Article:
The journey continues…the Launch of Niimki and Inouk
By Bradley Rusk
I have been around the Métis world for a few years now. I am not Métis; however, through my wife, Barbara Rusk, I have been introduced into this sphere.
Niimki, the canoe, first came into my life as a large, bark like thing in my garage. Resting on two wood horses, it spent the better part of year there.
When my friends would come over I would always go over the list of materials that went into building the canoe: birch bark, cedar, ash, pine gum and bear grease. “Where does he get the bear grease?” they would ask. “Bears, I assume, “ would come the reply. The world of bears is a distant memory in most city minds.
Niimki, like an urban legend, seemed to grow with time. Marcel Labelle, Niimki’s creator, and his essence are alive in this vessel. Then, the paddle, Inouk, gifted by Micheline Boisvert, accentuated an already magnificent craft. And, as it turns out, these two people were long lost cousins – reunited by the acts of charity and talent.
I’ve heard the story of the cousins told many times – it seems to touch people open to the spirit – people who are willing listen to the trees and wind. It brought one man to tears that had come to our door to buy a ticket one evening. It was a good evening.
However, like anything, Niimki seemed destined to remain in the garage or travelling to the odd cultural event. As Niimki remained silent – Barb spent countless hours getting a raffle together – telling the story and discovering her own identity. The entire range of human emotion ebbed and flowed. Just when it seemed like this was never going to take off – it came together.
Niimki is no longer in our garage.
I attended the launch; with, thirty or so other souls, who braved the heavy rain to see Niimki and Inouk, take the next step in what we all hope is a long journey. As usual I watched from the shadows. I’m always welcome at Métis events but I still feel like a ghost clings to me. It is difficult to explain. The eyes of the Métis people tell me I belong; but, I feel as if my blood prevents it. However, on this occasion – that all broke down. I’m not sure if was the Ojibway words and ceremony or the complete grace exhibited by Luci, Niimki’s new caretaker. The event pulled me in and washed away all inhibition. I was truly moved and felt tears emerging from behind corporate eyes.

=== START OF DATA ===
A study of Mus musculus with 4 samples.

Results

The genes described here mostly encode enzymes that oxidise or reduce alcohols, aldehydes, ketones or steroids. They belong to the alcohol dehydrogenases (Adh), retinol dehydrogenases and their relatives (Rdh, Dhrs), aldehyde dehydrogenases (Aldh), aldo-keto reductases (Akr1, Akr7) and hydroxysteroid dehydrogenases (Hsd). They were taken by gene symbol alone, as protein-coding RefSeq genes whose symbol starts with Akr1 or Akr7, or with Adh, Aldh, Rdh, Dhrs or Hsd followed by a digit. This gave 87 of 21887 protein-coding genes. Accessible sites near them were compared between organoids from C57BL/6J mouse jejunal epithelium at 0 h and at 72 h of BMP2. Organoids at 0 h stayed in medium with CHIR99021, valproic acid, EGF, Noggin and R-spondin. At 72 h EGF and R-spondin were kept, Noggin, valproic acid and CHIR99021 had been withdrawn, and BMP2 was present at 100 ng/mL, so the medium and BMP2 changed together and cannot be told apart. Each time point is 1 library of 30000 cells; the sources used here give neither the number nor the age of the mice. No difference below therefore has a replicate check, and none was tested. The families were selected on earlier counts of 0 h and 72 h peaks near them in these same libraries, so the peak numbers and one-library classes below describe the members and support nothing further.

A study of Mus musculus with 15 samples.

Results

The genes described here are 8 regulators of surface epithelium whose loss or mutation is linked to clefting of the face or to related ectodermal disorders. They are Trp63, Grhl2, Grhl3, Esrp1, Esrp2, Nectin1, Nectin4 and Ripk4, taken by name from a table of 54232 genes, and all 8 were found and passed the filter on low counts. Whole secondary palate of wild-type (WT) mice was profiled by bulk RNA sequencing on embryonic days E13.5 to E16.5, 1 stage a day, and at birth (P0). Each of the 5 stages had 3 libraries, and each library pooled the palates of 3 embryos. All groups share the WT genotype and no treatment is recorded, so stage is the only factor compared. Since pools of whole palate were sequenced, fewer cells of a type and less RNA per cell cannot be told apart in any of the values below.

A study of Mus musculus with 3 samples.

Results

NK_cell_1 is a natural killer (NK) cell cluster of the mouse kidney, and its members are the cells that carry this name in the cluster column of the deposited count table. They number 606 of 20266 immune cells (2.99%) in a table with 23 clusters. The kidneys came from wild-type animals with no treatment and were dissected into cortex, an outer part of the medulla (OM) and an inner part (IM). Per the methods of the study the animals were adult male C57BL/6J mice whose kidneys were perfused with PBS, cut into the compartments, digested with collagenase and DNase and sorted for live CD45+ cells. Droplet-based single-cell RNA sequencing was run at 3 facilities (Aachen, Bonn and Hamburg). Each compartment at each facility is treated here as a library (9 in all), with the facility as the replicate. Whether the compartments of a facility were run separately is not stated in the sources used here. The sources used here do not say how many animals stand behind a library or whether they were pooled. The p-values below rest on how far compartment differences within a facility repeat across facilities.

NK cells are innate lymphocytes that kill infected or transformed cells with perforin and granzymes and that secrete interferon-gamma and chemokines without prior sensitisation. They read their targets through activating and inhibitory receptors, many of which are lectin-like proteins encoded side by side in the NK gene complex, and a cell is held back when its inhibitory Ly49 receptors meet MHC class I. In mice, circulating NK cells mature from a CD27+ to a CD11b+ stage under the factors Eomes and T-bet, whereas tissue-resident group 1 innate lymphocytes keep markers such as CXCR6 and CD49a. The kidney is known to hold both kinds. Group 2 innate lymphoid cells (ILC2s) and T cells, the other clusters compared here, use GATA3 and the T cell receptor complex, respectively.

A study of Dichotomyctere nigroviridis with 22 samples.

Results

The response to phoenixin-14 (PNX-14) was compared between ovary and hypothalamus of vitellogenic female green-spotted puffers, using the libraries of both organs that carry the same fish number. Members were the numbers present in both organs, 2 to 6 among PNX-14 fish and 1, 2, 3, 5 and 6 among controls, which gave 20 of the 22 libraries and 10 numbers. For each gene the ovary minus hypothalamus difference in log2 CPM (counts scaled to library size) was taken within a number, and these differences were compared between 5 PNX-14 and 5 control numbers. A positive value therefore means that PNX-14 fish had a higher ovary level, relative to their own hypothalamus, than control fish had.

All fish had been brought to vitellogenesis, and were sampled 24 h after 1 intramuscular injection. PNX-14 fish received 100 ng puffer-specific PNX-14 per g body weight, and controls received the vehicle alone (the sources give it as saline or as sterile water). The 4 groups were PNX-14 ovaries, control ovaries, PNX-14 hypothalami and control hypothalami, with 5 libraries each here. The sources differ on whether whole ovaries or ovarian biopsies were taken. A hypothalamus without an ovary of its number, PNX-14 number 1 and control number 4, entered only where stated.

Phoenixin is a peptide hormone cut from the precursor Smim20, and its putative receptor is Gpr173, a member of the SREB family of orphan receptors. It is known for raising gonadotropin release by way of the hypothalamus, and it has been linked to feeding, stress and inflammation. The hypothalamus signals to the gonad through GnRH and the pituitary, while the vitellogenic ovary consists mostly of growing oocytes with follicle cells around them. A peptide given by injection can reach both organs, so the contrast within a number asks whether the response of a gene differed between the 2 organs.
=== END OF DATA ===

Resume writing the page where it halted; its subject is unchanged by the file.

As Luci, Marcel, and Niimki cut through the swifter than anticipated Grand River – I felt a sense of being part of something. Something good…something bigger than all of us.
I was honoured…
Lightning strikes a forest giant. A Métis artist sees more than a damaged tree… He sees a mode of transportation, a piece of priceless art, his ancestors’ legacy.
Niimki, Lightning Spirit, was crafted by Métis Artist Marcel Labelle using only hand tools and traditional methods. This 14 foot, one piece, birch bark canoe has a market value of $9,990.00.
This is your chance to own a piece of history!
Tickets will be $20 each.
Draw date will be June 5th, 2010 in the Year of the Métis
Marcel Labelle is recognized by the Ontario Arts Council as an aboriginal artist
Photo by Marcel Labelle
Marcel Labelle is a descendant of the Algonquin s and the French settlers. Being Métis, he was able to take the best of both worlds and become the link between the two cultures. After taking a spiritual journey across the country, Marcel was given dreams. In these dreams, his ancestors taught him the skills needed to make them a reality.
His dream was to build something with incredible beauty and strength; a craft that has been instrumental in the discovery of this land and its indigenous people.
The giant birch tree Marcel found in the forests of his hometown of Mattawa, Ontario, helped him with this task. This tree that had been struck by lightning became Niimki, Lightning Spirit.
The fourteen (14) foot craft is made entirely of natural materials. Cedar wood, Birch and its bark, Spruce roots and gum. Niimki was forged surrounded by fields of Sweet grass on the shores of Antoine Creek. This waterway leads to the Ottawa River, which Samuel de Champlain himself travelled centuries ago. This canoe is not only a mode of transportation, it is a piece of art; a historical tribute to those who lived before us. Niimki is a vital part of this country’s legacy. It helps in giving the ability to Canada’s first people, including the proud Métis, to ensure the vitality of our culture and the longevity of our heritage. Riel himself said that it would be the artist that would give new life to our traditions and culture.
With the building of this canoe, Marcel has brought an important piece of our history back to the forefront. It is time for us all to embrace our differences and celebrate what makes us who we are. The Métis people of Canada.